This Center for Democracy & Technology Policy Post explains how government access to identifiable health information is addressed by the PATRIOT Act, the HIPAA Privacy Rule, as well as the statutes and regulations protecting the confidentiality of patient information that is held by federally funded substance abuse treatment facilities and programs.
DLA Piper produced this handbook that sets out an overview of the applicable privacy and data protection laws and regulations across 63 different jurisdictions. (March 2013)
This is part of a series of guidance from the UK Information Commissioner’s Office that explains what organizations, and individuals who process personal data for purposes such as running a business, need to consider when they run, contribute to or download personal data from online forums such as social networking sites, message boards or blogs.
Davis Wright Tremaine is pleased to offer IAPP members complementary access to a section of its comprehensive HIPAA Audit Toolkit. This section assists healthcare providers with ensuring that they are providing individuals with access to their protected health information in compliance with HIPAA. This section is taken from the privacy assessment tool, one of several tools within the toolkit, which assists healthcare providers with ensuring that they maintain appropriate policies and procedures, training and documentation in compliance with the Standards for Privacy of Individually Identifiable Health Information.
The National Conference of State Legislatures has posted a list of states that have enacted laws that require entities to destroy, dispose, or otherwise make personal information unreadable or undecipherable.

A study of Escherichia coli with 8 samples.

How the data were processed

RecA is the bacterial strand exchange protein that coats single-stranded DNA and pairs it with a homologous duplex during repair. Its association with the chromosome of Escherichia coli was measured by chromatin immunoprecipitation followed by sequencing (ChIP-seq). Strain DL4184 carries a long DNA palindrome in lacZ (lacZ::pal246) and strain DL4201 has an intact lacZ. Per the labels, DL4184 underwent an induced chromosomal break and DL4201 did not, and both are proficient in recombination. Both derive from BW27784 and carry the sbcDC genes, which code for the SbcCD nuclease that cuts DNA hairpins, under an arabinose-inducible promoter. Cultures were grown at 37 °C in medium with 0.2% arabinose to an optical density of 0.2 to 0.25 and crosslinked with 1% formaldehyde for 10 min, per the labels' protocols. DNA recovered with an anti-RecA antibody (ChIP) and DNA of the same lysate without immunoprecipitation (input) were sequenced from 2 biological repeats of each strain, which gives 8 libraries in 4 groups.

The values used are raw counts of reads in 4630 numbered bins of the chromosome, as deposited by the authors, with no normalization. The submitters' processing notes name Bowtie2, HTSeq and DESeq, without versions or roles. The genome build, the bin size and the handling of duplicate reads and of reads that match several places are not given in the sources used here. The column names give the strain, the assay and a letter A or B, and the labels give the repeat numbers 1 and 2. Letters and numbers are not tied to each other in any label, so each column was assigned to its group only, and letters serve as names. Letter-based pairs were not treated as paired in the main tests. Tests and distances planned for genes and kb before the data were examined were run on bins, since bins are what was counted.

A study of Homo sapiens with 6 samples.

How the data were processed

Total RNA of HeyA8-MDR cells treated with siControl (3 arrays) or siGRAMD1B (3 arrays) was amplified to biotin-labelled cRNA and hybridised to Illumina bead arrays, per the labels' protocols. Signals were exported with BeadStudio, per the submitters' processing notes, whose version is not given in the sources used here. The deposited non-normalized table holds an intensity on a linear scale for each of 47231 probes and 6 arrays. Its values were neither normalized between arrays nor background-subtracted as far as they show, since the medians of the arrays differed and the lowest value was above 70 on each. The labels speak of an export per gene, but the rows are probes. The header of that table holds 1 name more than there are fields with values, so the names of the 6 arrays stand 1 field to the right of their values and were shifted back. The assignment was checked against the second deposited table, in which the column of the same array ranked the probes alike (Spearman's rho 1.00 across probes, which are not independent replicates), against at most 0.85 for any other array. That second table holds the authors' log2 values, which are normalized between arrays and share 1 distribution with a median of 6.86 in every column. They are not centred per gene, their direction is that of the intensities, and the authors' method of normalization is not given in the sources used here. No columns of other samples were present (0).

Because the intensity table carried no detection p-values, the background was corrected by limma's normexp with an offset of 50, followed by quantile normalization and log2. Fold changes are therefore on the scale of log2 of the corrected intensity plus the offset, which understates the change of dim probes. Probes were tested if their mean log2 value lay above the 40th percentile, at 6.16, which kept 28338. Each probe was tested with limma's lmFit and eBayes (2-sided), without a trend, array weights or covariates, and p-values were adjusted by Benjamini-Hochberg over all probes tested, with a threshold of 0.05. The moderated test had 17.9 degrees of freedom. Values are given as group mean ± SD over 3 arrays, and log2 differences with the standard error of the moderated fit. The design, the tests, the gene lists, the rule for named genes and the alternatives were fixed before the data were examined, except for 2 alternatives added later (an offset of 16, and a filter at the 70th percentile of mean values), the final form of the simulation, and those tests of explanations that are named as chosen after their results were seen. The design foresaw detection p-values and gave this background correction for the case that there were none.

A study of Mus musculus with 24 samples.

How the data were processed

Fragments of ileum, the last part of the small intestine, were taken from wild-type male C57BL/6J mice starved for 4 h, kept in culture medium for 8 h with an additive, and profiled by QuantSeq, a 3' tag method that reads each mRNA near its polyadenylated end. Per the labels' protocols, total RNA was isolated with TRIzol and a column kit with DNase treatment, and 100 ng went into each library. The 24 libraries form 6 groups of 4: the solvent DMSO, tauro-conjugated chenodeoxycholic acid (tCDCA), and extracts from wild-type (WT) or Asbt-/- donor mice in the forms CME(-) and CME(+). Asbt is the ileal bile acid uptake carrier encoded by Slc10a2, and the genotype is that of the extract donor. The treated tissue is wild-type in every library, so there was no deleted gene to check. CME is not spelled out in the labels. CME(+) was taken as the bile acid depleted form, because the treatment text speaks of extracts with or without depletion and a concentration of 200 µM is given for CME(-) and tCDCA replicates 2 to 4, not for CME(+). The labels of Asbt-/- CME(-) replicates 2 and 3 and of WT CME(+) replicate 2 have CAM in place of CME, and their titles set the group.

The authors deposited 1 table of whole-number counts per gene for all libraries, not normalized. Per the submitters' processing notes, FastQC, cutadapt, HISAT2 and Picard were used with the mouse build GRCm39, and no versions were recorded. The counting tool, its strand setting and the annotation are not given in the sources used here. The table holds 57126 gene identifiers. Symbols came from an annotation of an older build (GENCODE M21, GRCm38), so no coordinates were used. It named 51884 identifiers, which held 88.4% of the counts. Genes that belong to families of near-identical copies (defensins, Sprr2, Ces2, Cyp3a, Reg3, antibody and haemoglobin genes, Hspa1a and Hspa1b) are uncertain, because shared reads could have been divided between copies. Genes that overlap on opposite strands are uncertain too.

Revision 4 of the NIST guidelines released in April of 2013. This publication provides a catalog of security and privacy controls for federal information systems and organizations and a process for selecting controls to protect organizational operations, organizational assets, individuals, other organizations and the nation from a diverse set of threats. The security and privacy controls are customizable and implemented as part of an organization-wide process that manages information security and privacy risk.
This chart from the National Conference of State Legistaltures summarizes the identity theft criminal penalties, restitution and identity theft passport laws.
This guidance from the UK Information Commissioner’s Office offers a set of questions and approaches an organisation should consider, in conjunction with a prospective cloud provider, in order to ensure that the processing of personal data done in the cloud complies with the Data Protection Act.
IT Manager Daily provides this sample of a basic cloud computing policy template that organizations can customize to fit their needs.
This site lists national privacy laws by country as well as U.S. state and federal privacy laws including links to actual text. It also includes a section on legal updates and news.
In this report from Wisegate, you’ll get practical insights from senior privacy and security officers on how to balance privacy and data protection compliance requirements with the need for continued business growth and innovation.
This article offers ten ways to supplement your training activities and bolster your awareness program to minimize privacy errors causing inadvertent data loss.
The complete suite of HIPAA Administrative Simplification Regulationsis an unofficial version offered by the Department of Health and Human Services that presents all the regulatory standards in one document. It includes transactions and code set standards, identifier standards, the privacy rule, the security rule, the enforcement rule and the breach notification rule.
This Close-Up provides tools and research to help covered entities and business associates make sense of the Health Insurance Portability and Accountability Act.
In this paper, Boris Segalis, CIPP/US, of InfoLawGroup LLP offers a detailed look at the key changes to HIPAA that are likely to affect most covered entities. Segalis also discusses additional requirements that will mostly affect covered healthcare providers and some non-covered entities, suggesting action items where appropriate.